There the 63-year-old driver says he faced a bill for $10,500 in repairs for a truck he doesn't even own. That will take a big chunk out of his pretax pay of about $2,500 a week, which is reduced by more than half by his expenses for fuel, insurance and the truck lease itself. Subtract federal, payroll and state taxes, and Lara may be working for less than $18 an hour, with no benefits.
Lara is classified at his trucking company, California Cartage Express, as an “independent contractor,” not an employee, even though he says he drives exclusively for the company and operates under the control of its dispatchers.
The vast majority of the roughly 12,000 regular truck drivers at the Port of Los Angeles and Port of Long Beach are classified by their bosses as independent contractors. But as federal and state judges and labor regulators have consistently ruled, they’re employees in all but name. They just don’t get the benefits — access to employer-owned equipment, workers compensation and unemployment insurance, employer contributions to Social Security and minimum wage protection.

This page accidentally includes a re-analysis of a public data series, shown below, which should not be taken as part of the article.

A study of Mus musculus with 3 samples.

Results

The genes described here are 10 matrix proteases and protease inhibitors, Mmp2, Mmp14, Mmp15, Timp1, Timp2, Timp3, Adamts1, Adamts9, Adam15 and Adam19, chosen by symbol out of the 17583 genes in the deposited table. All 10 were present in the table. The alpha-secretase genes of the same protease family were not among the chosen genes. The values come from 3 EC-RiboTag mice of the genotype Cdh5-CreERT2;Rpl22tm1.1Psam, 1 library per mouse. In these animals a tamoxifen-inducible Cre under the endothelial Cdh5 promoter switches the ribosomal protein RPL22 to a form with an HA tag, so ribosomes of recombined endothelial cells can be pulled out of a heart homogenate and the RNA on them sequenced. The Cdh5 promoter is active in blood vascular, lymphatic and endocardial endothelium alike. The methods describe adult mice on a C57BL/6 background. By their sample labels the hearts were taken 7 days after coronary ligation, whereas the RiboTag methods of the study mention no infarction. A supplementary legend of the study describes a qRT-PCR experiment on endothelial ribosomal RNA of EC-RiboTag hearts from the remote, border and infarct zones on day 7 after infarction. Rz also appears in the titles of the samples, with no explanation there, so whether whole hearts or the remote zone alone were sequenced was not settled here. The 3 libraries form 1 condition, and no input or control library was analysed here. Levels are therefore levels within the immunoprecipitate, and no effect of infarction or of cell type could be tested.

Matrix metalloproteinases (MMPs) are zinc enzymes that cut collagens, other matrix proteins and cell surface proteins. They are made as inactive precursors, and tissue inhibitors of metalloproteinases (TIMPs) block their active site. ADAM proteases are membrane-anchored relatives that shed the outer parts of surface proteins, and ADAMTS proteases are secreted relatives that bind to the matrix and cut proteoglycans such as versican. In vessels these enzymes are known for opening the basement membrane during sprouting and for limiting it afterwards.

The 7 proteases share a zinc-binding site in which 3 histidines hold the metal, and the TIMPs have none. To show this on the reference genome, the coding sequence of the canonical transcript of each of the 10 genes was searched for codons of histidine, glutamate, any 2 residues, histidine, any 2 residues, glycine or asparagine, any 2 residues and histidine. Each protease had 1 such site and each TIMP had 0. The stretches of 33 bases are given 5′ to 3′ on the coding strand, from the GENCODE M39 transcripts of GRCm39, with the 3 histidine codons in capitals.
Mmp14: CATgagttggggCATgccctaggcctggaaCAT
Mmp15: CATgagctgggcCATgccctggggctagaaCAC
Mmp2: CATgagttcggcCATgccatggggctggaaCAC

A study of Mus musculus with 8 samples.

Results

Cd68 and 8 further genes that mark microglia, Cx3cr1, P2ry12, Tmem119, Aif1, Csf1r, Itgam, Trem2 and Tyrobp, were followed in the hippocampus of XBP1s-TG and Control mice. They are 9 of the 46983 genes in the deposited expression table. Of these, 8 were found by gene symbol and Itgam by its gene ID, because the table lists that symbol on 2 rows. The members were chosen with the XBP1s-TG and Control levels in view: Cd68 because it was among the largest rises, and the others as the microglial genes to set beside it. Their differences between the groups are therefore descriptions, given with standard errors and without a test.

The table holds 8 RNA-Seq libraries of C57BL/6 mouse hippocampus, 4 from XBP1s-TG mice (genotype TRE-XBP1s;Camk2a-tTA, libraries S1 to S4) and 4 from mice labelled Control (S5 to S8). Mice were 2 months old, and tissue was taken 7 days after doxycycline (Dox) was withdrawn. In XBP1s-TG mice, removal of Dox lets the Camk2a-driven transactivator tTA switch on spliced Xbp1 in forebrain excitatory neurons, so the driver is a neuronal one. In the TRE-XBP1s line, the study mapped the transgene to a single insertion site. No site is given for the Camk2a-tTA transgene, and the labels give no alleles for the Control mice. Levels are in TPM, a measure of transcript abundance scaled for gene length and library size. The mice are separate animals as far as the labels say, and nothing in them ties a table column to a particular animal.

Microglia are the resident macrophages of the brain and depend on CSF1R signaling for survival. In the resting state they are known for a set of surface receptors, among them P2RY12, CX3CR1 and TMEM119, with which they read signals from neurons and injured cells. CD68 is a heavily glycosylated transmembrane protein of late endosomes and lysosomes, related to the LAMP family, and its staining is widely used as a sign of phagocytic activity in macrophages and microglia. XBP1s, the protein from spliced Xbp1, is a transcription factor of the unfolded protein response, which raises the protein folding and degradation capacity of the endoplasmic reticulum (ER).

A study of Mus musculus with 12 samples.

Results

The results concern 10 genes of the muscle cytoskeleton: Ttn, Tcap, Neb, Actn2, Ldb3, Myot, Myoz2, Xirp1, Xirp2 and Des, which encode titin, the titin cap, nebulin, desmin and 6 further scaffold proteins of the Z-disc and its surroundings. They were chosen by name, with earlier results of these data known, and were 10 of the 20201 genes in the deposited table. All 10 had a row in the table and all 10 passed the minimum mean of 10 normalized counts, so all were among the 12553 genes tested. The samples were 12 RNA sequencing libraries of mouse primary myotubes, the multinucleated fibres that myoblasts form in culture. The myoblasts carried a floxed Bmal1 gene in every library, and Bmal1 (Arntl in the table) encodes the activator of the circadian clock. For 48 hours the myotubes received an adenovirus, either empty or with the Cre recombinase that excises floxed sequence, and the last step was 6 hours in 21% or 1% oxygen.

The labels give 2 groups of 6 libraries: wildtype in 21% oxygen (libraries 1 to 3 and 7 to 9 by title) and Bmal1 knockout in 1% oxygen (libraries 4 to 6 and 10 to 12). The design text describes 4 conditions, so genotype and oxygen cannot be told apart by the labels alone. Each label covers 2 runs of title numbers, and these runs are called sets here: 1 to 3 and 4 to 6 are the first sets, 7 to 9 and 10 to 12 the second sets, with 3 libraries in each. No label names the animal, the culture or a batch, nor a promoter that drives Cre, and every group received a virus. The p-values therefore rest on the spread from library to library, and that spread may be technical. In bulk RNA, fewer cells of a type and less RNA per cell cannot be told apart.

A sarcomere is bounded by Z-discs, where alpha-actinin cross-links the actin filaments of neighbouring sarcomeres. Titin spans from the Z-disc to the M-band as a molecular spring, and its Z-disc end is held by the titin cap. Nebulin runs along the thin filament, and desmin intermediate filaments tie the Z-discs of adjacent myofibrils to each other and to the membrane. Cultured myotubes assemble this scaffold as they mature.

They don’t get retirement or healthcare coverage, or reimbursement for their work expenses. Typically, they work on 90-day renewable contracts, which means they can effectively be fired at will, with no recourse to the protection against arbitrary treatment enjoyed by employees.
The misclassification of workers as independent contractors is a national scandal. But the port may be the single most concentrated example of this race to the bottom in the American workplace. Port trucking “really is a case study in the bigger economic trends we have seen since the 1980s,” says Jessica Durrum, head of the clean & safe ports campaign for LAANE, the Los Angeles Alliance for a New Economy. “This is not about one or two bad apples.”